Boston It was a day for rejoicing in Beantown, not just for Boston Celtics fans, but the returning players as well.
"This is a tremendous day," Celtics veteran and former Kansas University forward Paul Pierce said after Kevin Garnett was acquired in a trade with the Minnesota Timberwolves. "I feel like a rookie again."
The Celtics, who have 16 championships but have gone without one for more than two decades, obtained the former MVP and 10-time All-Star on Tuesday in a 7-for-1 deal - the NBA's biggest trade for one player.
Boston sent the Minnesota Timberwolves forwards Al Jefferson, Ryan Gomes and Gerald Green, guard Sebastian Telfair and center Theo Ratliff, two first-round draft picks and cash considerations. Besides Ratliff, 34, the other four are 24 or younger.
With Pierce and Ray Allen already on the roster, the Celtics have been transformed from a promising collection of youngsters who had the NBA's second-worst record last season into an instant contender in the mediocre Eastern Conference.
"This is probably my best opportunity at winning a ring," Garnett said. "It was a no-brainer."
The Celtics won their last championship, the third with the original Big Three of Larry Bird, Kevin McHale and Robert Parish, in 1986. Two members of that club orchestrated Tuesday's blockbuster trade - Celtics executive director of basketball operations Danny Ainge and Timberwolves vice president of basketball operations McHale.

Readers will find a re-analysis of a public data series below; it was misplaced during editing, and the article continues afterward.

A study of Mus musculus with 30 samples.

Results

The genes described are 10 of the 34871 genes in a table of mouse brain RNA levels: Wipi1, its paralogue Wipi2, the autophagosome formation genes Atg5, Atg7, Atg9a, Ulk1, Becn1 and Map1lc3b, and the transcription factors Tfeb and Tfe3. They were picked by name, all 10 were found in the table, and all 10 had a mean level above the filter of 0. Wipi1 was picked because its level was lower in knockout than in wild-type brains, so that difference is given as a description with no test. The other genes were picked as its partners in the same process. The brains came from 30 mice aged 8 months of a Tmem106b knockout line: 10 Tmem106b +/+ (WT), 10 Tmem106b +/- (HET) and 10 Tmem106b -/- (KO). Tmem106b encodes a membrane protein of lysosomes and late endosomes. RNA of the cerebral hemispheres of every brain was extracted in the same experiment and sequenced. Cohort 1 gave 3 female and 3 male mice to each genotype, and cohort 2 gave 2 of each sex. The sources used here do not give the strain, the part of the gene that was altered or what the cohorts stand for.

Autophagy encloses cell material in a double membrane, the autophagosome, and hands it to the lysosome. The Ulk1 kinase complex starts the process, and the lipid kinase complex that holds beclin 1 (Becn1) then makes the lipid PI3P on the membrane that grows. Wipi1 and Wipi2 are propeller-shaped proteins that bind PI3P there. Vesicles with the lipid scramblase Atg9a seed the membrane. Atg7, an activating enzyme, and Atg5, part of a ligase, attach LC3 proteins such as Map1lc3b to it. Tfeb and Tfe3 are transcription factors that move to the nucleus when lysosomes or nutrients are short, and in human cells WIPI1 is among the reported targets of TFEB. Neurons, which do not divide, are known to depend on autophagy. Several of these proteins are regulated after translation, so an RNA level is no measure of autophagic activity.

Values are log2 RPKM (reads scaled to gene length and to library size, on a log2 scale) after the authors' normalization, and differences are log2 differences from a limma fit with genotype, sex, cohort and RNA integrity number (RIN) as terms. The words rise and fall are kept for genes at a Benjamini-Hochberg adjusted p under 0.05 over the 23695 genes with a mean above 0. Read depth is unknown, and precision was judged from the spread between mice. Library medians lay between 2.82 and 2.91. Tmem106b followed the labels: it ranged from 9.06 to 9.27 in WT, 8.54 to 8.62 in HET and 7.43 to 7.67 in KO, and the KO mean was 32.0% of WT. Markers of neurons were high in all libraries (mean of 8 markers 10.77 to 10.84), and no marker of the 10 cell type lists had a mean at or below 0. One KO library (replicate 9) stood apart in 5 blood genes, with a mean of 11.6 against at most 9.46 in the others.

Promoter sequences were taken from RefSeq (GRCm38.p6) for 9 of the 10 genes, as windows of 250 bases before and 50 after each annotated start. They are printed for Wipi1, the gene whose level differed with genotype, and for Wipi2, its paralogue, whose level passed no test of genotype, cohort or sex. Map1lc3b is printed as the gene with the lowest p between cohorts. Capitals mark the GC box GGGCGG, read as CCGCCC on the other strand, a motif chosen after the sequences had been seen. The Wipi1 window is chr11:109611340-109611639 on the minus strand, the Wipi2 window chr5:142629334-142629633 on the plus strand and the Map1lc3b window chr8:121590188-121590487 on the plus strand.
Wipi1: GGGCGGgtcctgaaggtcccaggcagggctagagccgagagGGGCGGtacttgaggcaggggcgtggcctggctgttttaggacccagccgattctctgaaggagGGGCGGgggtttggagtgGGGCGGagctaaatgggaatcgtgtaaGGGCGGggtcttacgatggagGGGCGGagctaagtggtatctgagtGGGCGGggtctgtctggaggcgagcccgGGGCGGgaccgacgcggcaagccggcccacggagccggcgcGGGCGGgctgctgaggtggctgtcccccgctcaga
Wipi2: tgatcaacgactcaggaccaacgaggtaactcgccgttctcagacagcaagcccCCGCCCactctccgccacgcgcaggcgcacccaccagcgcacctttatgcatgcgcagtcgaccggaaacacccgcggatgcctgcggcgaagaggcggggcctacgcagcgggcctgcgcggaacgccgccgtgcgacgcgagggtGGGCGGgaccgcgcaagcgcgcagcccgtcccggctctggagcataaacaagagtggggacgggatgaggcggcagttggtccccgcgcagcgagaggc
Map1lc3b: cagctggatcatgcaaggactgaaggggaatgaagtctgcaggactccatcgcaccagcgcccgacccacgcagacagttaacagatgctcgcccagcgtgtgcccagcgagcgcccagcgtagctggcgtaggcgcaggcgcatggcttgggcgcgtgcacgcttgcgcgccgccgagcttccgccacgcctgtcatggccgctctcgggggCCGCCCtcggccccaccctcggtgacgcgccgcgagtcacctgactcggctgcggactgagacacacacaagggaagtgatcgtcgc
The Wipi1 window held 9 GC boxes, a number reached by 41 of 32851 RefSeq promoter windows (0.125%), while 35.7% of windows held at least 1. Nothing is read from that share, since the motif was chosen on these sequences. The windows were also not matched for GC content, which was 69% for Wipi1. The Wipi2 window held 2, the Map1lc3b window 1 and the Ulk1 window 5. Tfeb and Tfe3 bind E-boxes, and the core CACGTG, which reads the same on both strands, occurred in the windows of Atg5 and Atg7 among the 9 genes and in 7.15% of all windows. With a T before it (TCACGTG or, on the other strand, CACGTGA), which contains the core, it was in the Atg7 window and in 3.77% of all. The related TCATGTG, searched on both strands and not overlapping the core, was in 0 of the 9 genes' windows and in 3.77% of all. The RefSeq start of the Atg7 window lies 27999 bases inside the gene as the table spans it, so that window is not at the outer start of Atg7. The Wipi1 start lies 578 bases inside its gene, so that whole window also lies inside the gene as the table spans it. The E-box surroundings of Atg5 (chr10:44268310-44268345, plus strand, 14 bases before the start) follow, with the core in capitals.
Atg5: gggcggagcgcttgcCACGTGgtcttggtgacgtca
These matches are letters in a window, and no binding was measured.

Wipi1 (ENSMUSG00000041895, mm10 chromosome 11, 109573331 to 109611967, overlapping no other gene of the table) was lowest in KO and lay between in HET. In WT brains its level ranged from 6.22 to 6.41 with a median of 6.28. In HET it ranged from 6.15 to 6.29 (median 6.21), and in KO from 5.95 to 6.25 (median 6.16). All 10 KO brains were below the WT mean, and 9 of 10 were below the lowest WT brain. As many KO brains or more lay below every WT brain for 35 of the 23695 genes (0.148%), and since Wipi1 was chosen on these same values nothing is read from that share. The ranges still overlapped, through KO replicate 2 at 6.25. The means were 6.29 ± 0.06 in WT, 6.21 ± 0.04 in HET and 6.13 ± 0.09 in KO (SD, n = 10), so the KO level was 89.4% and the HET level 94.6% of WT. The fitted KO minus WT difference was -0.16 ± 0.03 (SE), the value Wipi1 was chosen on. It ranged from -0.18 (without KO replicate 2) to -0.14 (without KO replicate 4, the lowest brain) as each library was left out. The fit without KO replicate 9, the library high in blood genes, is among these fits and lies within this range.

"These guys will never be the Big Three until they win" a championship, Ainge said of Pierce, Allen and Garnett.
Garnett signed a multi-year extension - Ainge wouldn't say how long. He had one year plus an option year remaining on his contract. He realized that he didn't fit in with Minnesota's strategy of rebuilding with youth and was amazed at all the activity to finalize the trade.
"It's like being in a Lamborghini doing 200 (mph) with your head stuck out the window," Garnett said. "It's been like a whirlwind the last 72 hours."
The Timberwolves get the Celtics' first-round pick in 2009, unless it is among the top three, and a return of Minnesota's conditional first-round draft pick obtained in January 2006 when they sent Ricky Davis to the Timberwolves for Wally Szczerbiak.
"I'm confident I made the right decision here, even though that it was a difficult one," said Wolves owner Glen Taylor. "It's like parting ways with friends. It hurts, but you have to get on with the journey."